A blur of fire-spitting six-guns, rifles and shotguns transforms the quiet desert plinking ground at Blacks Creek Public Rifle Range twice a month.
The dusty sagebrush desert makes a perfect backdrop for the more than 75 participants who get gussied up in 19th-century costume to socialize and compete in Cowboy Action Shooting, a fantasy sport that combines a heap of historical flavor with rapid-fire target shooting.
For a few hours a month, ordinary people become steely eyed lawmen or bad-news drifters. At least in their own minds, they become Jesse James or Wyatt Earp, or Annie Oakley or Belle Star.
"This is a chance to do what I was doing when I was 10 or 11 years old out in my backyard — only now I can do it with real guns," said Ray Walters, a 55-year-old former firefighter who now writes for the Boise-based SHOOT! magazine.
The competition, governed by the Single Action Shooting Society, has existed since the early 1980s. There are numerous styles of match competition, from mounted pistol shooting to short-range derringer competitions to long-range rifle shoots. Most common are medium-range pistol, rifle and shotgunning games.
Take an Alias
Matches are divided into eight or 10 scenarios, called "stages." Shooters fire through a doorway, around a corner or out of a window at steel squares, circles or small cowboy silhouettes from 5 to 15 yards away. They use multiple combinations of pistols, rifles and shotguns. Sometimes an extra element is added, such as throwing a knife or hatchet into a target.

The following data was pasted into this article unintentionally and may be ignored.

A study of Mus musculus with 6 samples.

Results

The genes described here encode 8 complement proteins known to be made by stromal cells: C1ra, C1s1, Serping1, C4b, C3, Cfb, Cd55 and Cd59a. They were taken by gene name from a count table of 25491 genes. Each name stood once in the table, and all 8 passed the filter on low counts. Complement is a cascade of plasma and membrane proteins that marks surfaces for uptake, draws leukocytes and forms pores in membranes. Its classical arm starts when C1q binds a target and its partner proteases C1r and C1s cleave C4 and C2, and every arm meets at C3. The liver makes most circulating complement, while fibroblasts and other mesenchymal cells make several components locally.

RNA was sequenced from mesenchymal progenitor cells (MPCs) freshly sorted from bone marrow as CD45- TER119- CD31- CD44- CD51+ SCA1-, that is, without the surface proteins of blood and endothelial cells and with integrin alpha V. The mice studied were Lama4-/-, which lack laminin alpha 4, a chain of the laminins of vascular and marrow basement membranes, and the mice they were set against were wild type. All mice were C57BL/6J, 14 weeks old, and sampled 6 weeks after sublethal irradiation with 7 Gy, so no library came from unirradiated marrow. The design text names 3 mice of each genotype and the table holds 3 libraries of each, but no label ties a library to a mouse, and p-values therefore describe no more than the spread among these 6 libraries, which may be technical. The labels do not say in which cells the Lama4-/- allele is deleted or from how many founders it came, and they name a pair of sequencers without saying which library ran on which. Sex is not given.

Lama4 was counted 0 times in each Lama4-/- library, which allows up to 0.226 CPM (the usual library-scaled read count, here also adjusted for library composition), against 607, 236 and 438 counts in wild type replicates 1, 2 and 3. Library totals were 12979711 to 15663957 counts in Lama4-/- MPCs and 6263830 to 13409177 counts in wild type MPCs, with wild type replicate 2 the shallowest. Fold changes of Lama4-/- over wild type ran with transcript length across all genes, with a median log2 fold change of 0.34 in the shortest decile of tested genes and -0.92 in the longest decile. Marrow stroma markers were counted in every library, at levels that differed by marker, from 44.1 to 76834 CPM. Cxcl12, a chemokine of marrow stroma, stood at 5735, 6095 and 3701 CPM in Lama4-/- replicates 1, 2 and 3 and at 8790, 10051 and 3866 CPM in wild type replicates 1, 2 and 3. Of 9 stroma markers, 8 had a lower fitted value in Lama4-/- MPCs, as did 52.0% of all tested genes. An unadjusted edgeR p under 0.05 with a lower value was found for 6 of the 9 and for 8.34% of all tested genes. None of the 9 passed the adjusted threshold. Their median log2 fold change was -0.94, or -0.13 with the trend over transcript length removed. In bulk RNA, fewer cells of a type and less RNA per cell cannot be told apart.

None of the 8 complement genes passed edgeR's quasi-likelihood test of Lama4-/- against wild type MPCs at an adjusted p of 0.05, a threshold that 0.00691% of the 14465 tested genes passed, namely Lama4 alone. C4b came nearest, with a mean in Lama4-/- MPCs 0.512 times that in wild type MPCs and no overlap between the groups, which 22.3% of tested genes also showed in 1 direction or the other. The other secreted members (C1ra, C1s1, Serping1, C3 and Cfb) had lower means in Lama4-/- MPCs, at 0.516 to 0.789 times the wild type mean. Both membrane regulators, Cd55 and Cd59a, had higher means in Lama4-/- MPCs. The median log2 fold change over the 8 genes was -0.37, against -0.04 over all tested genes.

A timer keeps electronic track of how long it takes a competitor to shoot through the stage — which usually lasts less than a minute. Official observers watch for safety violations, gun handling problems and target misses, which can add time to the overall score.
Cowboy shooters are assigned aliases, which they prefer to their real names during competitions. Walters is "Smith n' Jones." Deana Daniels is "Missy Marble." "Yeah, but they call me `Hagatha' when I miss," a frustrated Daniels said after hitting 10 pistol shots, 10 rifle shots but missing one of five shotgun blasts — all in 38.9 seconds.
Competition is friendly because there's no prize or cash award winners — just bragging rights and belt buckles. But even at that, devoted shooters practice hours a day.
"There's no pressure in cowboy action, you compete against yourself," Graham said.
Nurse Becomes Dashing Desperado
Dan Lopez is a 37-year-old nurse from Adrian, Ore. When he straps on his belt and guns, he becomes Sancho Ponza, a dashing desperado with a red sash, a black goatee and a long cigar.
Lopez is good. Real good, for just his third year in the game. His compadres say he's got the quickest gun and steadiest hand of all in the Oregon Trails chapter. He travels a few times a year to regional competitions and has his sights set on the nationals.
His performance secrets include good health, lean muscles and hundreds of hours of practice. It's not uncommon for serious cowboy shooters to fire 700 to 800 bullets a week.
"You've got to be comfortable with what you are doing. Plus, we have a lot of friends and we all learn from each other," he said.
Just like in the Old West, women are toting guns at the matches along with the menfolk. Sharon Wright, who shoots as "Six-gun Sam," has won two state championships. Before she got involved four years ago, she had never fired a gun.